Why You Need a Will Even if You Don’t Have Kids

Many parents set up a will after a child is born. This makes sense: they want to clearly spell out who will take care of their kids if something happens to them. But for many people who are child-free, making a will isn’t a priority. This doesn’t make sense: having a last will and testament (and proper estate plan) is crucial for everyone.

It allows you to do two simple but important things after you die: control who gets your assets, and ensure your wishes are honored.

Why You Need a Will Even if You Don't Have Kids

Controlling Who Gets Your Assets

If you don’t have a last will and testament, a court will give your assets to your next of kin. This means that everything you own will probably go to your parents or siblings. If there’s a family feud, a sibling rivalry or if you would prefer to give more money to certain family members who are not as well off as others, a will is particularly important.

When writing a will, you can decide to give something to special friends or your favorite charities. You can even set money aside to take care of beloved pets, and decide who will become guardians of those pets when you’re gone.

A last will and testament allows you to make sure you acknowledge everyone who matters to you. It enables you to choose an executor who will respectfully and professionally handle your estate. It also helps you minimize taxes that could potentially reduce the value of your estate.

Ensuring Your Wishes Are Honored

If you don’t have significant assets, you might think it isn’t important to decide where your money will go. But making a will allows you to have control over things that probably are important to you. For example, in a will, you can indicate whether you want to be cremated or buried. You can even specify where you would like to be buried or where you want your ashes spread.

Another important part of estate planning is creating plans for special circumstances, such as who will take care of you if you become ill, or if you become incapable of making your own decisions. If you don’t have children to make those decisions for you, you’ll need to find a trusted friend or family member to do so. A durable power of attorney document will allow them to make financial and legal decisions on your behalf. A good estate plan will also include a detailed living will, and clearly spell out who has control over things like personal care choices and medical decisions, in the event you’re unable to make them.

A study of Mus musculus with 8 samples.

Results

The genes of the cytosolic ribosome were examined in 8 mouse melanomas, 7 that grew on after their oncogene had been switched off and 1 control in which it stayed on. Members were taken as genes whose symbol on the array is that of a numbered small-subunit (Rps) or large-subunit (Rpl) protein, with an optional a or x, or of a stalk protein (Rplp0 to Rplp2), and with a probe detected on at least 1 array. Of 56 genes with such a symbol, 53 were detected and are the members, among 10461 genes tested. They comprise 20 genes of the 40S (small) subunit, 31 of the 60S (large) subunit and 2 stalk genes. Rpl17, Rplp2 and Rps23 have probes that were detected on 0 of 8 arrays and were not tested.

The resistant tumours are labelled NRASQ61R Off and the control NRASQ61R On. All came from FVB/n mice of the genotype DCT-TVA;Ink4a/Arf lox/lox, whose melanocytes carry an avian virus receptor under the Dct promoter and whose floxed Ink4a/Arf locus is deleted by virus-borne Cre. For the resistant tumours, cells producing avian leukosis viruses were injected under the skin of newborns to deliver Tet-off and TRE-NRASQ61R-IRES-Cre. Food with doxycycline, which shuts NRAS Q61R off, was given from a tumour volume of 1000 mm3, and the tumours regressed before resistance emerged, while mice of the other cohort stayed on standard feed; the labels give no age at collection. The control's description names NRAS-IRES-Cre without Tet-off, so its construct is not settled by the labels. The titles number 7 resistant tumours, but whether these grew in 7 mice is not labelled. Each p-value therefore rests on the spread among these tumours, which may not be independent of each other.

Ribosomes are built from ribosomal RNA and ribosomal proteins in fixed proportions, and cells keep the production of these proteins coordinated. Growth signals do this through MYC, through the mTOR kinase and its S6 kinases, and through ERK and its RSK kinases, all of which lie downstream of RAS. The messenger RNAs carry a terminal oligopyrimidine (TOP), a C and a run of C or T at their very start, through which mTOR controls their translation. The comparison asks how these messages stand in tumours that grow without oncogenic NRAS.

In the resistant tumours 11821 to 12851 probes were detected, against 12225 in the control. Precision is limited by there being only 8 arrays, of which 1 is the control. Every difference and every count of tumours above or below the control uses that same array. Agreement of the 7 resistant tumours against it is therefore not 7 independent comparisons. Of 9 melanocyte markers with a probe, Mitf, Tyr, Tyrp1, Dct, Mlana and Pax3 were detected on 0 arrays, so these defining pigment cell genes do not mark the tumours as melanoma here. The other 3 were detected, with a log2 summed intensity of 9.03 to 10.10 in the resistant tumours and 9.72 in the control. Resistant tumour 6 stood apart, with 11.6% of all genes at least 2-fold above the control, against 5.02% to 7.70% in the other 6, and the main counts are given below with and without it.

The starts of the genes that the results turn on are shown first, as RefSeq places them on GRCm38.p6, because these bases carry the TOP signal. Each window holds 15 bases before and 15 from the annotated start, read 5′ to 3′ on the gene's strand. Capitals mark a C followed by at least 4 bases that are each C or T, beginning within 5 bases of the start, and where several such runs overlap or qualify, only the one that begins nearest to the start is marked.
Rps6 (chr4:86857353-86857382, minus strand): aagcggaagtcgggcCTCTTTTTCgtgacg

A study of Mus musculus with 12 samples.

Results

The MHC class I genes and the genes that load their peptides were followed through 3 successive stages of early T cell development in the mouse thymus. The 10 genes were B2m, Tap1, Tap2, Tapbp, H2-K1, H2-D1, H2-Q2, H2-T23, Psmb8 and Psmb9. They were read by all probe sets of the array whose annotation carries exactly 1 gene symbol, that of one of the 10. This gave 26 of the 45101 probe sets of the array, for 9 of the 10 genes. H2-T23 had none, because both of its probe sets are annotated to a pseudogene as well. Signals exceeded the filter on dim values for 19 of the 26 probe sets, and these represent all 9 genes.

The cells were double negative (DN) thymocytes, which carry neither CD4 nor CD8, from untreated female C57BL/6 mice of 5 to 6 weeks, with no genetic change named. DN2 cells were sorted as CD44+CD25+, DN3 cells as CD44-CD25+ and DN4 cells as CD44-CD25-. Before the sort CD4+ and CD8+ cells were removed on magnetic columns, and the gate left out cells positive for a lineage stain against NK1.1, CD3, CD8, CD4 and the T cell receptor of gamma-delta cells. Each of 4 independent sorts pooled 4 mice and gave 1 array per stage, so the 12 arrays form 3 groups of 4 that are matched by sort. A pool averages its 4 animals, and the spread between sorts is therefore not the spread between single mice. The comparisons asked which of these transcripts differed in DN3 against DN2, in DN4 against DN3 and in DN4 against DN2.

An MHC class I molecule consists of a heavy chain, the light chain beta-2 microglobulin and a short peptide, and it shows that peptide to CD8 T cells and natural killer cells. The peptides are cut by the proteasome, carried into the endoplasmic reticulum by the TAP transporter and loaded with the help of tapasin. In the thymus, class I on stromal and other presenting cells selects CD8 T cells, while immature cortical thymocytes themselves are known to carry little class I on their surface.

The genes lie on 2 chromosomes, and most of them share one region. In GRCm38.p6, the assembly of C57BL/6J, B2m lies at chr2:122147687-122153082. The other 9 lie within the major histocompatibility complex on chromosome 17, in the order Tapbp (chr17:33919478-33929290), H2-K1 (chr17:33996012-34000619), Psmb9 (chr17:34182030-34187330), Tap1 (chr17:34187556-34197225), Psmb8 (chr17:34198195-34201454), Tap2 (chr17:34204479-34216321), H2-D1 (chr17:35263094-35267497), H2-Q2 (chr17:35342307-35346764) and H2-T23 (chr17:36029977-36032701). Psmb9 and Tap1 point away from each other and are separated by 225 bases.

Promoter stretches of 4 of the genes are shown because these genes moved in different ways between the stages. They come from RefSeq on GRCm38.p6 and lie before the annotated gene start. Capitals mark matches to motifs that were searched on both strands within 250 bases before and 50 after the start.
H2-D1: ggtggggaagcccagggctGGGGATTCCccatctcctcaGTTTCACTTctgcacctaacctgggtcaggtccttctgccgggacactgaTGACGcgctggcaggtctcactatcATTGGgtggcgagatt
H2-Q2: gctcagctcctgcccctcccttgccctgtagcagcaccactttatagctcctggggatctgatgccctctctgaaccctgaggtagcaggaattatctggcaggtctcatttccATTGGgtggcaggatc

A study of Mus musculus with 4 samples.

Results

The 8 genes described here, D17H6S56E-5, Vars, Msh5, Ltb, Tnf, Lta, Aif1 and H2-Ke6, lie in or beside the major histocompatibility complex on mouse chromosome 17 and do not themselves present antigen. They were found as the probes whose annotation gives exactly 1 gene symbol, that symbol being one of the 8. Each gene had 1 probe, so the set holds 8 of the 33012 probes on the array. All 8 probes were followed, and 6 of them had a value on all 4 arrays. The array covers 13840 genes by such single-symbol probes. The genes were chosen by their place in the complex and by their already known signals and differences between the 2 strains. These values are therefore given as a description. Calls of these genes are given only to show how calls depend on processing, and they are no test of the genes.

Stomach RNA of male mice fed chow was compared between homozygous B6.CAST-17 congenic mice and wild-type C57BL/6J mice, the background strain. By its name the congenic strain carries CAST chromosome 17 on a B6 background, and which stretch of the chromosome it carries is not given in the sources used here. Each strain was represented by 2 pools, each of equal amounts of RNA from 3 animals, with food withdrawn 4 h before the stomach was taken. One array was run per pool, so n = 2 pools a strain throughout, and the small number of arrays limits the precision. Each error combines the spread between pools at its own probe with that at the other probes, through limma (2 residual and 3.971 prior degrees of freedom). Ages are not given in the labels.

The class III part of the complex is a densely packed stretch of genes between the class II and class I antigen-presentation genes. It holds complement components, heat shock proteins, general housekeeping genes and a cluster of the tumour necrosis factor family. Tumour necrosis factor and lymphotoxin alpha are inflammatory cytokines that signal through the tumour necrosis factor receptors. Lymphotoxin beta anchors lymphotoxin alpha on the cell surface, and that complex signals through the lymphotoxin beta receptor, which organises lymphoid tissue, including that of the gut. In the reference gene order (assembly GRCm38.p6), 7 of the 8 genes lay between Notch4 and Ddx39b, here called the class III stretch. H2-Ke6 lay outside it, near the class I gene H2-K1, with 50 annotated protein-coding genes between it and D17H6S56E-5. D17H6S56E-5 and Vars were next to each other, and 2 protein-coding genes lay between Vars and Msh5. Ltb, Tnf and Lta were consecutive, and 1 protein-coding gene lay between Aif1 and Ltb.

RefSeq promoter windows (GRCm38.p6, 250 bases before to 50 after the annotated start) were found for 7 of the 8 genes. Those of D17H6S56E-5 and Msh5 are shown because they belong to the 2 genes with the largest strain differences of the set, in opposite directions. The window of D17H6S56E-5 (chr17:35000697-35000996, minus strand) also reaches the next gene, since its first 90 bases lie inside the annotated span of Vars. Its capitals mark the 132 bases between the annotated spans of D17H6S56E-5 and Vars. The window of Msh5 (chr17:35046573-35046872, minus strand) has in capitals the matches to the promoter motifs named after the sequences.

Making a will also encourages you to speak to the people who will be assisting with your estate. If you know ahead of time who will be taking on various roles, you can tell them about your wishes now, and address any questions they might have. Once you set up your will, make sure your executor knows where the documents are.

How to Write a Will

It’s best to hire a lawyer to create an estate plan (though admittedly, it can be costly). A lawyer will be thorough, and will make sure you’ve thought through all possible scenarios and have a solid living will or last will and testament in place.

You can plan your estate yourself by purchasing do-it-yourself documents. However, make sure these documents are created for your state or province to ensure they’re legally binding, and that they cover all current laws and regulations. Even if they are tailored to your location, they could potentially create legal challenges to your will, especially if you have a complex estate.

Making a will isn’t a pleasant task. But it’s important to think about. It will give you peace of mind knowing you’ve properly planned out your estate.

About the Writer

Amanda Reaume

Amanda is based in Vancouver, BC, and is the author of the book Money is Everything: Personal Finance for the Brave New Economy. She writes about retirement, credit, estate planning and personal finance. Her work has appeared on Forbes.com, Time.com, and USAToday.com.